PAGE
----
Need to Terminate an Employee? Here’s How to Get It Right.

Need to Terminate an Employee? Here’s How to Get It Right!

Employers don’t typically hire employees with the intent to terminate their employment, but sometimes it’s the only feasible option or simply the best course of action for the organization. Many circumstances can lead to a termination, such as surreptitious recordings [see article by Dave O’Neill], breaches of the employment contract, or other considerations that warrant termination without cause, or in plain language, at no “fault” of the employee.

Terminations are not black and white. Many factors contribute to the employee’s specific circumstances and, in turn, the financial impact on the employer. The legal obligations during terminations directly translate to dollars in the employee’s pocket. Still, there are also human factors that can significantly impact how the news is taken and, therefore, the outcome of the termination.

Doing It Right

Effective terminations actually start with effective management. Utilizing soft skills such as showing empathy, kindness, and respect throughout the employment relationship [and during a termination] will reduce the liability if the employment ends in a termination. Here is how effective management can impact the bottom line:

  • The employee is likely to be offered a more generous/reasonable/fair termination package without the need for negotiation.
  • The package is more likely to include additional considerations based on the employee’s circumstances, such as transition services, salary continuance or benefit continuance.
  • Any offered package is likely to be perceived more favourably based on the established positive relationship.
  • The employee is less likely to want to pursue action just to prove a point or get as much as possible out of the termination.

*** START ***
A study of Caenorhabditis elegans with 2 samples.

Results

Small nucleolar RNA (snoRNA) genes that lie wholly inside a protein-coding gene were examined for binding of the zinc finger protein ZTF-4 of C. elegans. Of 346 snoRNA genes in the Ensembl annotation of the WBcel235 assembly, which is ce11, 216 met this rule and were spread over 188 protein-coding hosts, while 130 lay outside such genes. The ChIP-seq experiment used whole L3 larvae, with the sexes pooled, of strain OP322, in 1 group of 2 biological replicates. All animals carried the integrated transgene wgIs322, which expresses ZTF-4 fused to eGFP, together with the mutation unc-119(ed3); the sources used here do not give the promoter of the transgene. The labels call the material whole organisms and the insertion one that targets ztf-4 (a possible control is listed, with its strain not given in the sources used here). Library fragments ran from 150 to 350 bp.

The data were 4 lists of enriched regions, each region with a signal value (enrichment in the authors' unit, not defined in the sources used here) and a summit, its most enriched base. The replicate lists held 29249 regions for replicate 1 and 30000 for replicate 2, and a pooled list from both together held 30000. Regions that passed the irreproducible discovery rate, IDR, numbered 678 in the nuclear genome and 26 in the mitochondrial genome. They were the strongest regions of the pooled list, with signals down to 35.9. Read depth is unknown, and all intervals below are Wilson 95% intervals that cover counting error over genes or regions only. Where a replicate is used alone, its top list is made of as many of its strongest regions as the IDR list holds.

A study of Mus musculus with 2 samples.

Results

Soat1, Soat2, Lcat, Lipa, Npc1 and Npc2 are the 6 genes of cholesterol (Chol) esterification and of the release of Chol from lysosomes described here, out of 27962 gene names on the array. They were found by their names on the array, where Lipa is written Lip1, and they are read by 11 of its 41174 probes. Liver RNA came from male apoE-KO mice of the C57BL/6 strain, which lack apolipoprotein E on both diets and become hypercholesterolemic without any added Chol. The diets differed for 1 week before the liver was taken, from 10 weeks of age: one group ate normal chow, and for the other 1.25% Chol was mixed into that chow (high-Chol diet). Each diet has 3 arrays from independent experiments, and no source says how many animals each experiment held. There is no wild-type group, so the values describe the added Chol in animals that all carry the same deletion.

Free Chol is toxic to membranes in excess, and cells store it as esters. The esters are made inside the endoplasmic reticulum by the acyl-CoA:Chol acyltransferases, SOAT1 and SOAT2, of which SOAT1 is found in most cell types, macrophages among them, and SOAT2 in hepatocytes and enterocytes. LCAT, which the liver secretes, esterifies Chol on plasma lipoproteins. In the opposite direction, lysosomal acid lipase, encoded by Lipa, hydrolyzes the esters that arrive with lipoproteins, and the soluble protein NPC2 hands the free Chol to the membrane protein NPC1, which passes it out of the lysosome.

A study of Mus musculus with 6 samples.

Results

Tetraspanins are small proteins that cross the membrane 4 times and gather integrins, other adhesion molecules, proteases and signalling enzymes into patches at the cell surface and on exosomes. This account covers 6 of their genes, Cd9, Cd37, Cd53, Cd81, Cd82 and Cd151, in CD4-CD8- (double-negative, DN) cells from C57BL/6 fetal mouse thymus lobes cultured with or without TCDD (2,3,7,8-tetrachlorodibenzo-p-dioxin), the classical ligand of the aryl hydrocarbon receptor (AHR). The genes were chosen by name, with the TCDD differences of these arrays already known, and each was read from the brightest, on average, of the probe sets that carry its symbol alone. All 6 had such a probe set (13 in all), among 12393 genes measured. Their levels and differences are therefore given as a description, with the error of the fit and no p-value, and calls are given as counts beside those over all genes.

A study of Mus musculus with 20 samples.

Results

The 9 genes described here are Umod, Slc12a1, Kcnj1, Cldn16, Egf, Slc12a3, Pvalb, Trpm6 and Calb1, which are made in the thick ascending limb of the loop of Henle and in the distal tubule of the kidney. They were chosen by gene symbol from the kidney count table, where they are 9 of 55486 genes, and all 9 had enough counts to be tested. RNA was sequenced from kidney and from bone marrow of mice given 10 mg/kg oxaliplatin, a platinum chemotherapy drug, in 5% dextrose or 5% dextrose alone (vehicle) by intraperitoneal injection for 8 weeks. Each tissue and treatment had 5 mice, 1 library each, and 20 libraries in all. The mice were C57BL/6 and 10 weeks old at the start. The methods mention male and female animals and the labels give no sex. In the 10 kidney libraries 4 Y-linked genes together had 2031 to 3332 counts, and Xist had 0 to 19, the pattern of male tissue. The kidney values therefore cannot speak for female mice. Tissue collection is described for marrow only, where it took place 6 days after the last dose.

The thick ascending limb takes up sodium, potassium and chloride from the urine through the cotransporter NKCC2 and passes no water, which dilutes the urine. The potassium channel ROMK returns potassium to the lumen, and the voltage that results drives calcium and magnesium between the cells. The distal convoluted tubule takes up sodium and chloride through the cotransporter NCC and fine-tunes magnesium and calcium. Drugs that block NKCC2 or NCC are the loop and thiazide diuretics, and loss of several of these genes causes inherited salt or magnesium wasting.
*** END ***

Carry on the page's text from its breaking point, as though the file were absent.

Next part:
• The employee is less likely to feel like the employer “owes” them more.
  • The employee is more likely to sign any release required and abide by the terms.
  • The employee is more likely to speak favourably about the employer post-termination, impacting future business opportunities.
  • There is a smaller chance of disengagement or souring relationships with remaining employees.
  • Fair treatment of employees can reduce damages owed if the employee does pursue legal action.

While some of these hypothetical impacts are hard to measure, they can have significant financial implications. For example, consider the impact of one soured employee that is left after their colleague was terminated and was perceived to be treated unfairly. That employee’s attitude could influence an entire department or even organization, and their negativity could lead to the need for a further termination or resignation, triggering yet another cycle of avoiding termination pitfalls, cost of termination, cost of rehiring and training, and the threat of legal action. Legal actions from termination decisions can cost an employer up to 2 years of the employee’s compensation in damages, plus legal costs.

Take the Best Way Forward

The best course of action to avoid unnecessary costs, resources and stress is to start from the beginning of an employee’s employment – take the time to hire the right people for the right roles and then ensure that there is a strong emphasis on a positive, value-based workplace culture. From there, effective management of both good and poor performers is critical for maintaining a strong culture. 

As mentioned, each employee’s circumstances differ, so it is important to approach terminations carefully to ensure legal obligations are met — and it is best practice to seek legal advice with each case. Human Resources professionals can also be utilized to assist with performance management and any other (grey) considerations for each situation. 

If You Have Questions:

Contact our Human Resources Consultant and Employment Law Specialists at Spraggs Law today.